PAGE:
The paper 'Type of Negotiations Recommended to Pursue with Red Star Holdings' is a great example of a Management Assignment. Matt should use distributive negotiation to pursue negotiation with Red Star Holdings. To assist Matt to understand how culture potentially affects negotiation, certain elements of negotiation rooted in the Western theory should be examined. Among these elements, include direct confrontation. Additional elements comprise the forms of negotiations, whether transactional (between sellers and buyers) or resolution of disputes. Such forms of negotiations may have two likely agreement outcomes, mainly distributive negotiation or, integrative negotiation.
Matt should be advised to pursue distributive negotiation (Lewicki et al. 2007). Matt already has established a manufacturing base in Australia, and only wants to source fabrics from a Chinese supplier. On the other hand, while “ Red Star Holdings” are the exclusive importers/ producers of rare fabric that enables his clothes to repel food and ink stains, it also seeks to establish certain brands in Australia since they have no customer base in Australia. There is a possibility of the two dividing their resources. In the distributive negotiation, a possible deal would see Matt negotiate to use Red Star Holdings’ supply chain, while Red Star Holdings negotiates to use Matt’ s marketing and distribution chain to reach Australian customers. Indeed, the outcome of Matt’ s transactional negotiation is likely to be an entire, distributive agreement.
The distributive agreements would result since Matt and Red Star Holdings are in a distributive negotiating situation, where Matt and Red Star must appear to divide their resources. The negotiation is likely to lead to a competitive rivalry. The division of resources should be equal.
More importantly, the distributive bargaining has the likelihood of being beneficial to Matt, as Red Star Holdings is relative of little consequence, as well as since Matt must maximize the value of any single deal he makes. On the other hand, integrative negotiation is not suitable, as Matt does not hope to share resources since he wants to make considerable revenues from the deal. Q2. How would Matt effectively prepare for negotiations considering the international context of engaging with business partners from China Hofstede's model of cultural dimensions is appropriate for the case of international negotiation that Matt seeks to pursue.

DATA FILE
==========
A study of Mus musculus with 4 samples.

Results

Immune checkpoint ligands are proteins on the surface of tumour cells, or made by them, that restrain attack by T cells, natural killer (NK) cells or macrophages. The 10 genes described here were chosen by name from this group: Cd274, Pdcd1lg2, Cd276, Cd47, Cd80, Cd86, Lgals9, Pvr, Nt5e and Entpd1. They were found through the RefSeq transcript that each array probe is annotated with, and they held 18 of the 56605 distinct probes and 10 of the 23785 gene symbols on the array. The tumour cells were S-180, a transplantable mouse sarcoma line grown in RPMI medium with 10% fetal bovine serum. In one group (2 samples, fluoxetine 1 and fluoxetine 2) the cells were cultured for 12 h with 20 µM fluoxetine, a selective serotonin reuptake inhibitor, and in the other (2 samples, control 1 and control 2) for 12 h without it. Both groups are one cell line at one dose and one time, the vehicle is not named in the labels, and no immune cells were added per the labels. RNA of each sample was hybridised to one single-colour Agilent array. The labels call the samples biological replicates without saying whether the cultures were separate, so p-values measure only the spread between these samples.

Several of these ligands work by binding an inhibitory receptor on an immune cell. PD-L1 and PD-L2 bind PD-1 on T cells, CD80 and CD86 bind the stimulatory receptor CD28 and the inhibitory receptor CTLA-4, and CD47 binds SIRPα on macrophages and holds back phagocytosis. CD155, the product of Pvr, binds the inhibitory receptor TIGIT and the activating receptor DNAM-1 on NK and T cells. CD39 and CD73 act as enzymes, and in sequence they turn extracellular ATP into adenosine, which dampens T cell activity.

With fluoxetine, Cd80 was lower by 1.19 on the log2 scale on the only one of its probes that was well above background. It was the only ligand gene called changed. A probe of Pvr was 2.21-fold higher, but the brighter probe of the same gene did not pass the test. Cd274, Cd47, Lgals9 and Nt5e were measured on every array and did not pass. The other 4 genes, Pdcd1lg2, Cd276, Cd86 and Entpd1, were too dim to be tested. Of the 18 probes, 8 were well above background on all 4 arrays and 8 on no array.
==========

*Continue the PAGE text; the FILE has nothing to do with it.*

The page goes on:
The framework proposes five dimensions for analysis of cultural issues anticipated when Matt (a Westerner) negotiates with the Red Star Holdings’ (Asian) managers. The five key dimensions are individualism-collectivism, power distance, uncertainty avoidance, long-term orientation, and masculinity-femininity, (Soares et al. 2007). In respect to Individualism– collectivism, Matt should be advised that the negotiators, from Red Star Holdings, are from collectivist cultures hence would most likely give preference to negotiations oriented towards group belonging (Menger 1999). Regarding uncertainty avoidance, Matt should be advised that the negotiators from Red Star Holdings are likely to have low uncertainty avoidance.
China has low uncertainty avoidance and values risk-taking and is less rule-oriented. Matt will need to avoid imposing rules or structure unreasonably while negotiating (Chang 2006). In respect to Power distance, the concern is given to the manner in which individuals identify with authority. Matt should be advised that the negotiators from Red Star Holdings are likely to have high power distance. The high power distance score indicates that society experiences deep inequalities of power and wealth. Hence, while negotiating with the Chinese negotiators, Matt should prepare to acknowledge power and authority, and appreciate that most of the negotiator is likely not to be decision-makers and will need to consult with higher authority (Miles 2003).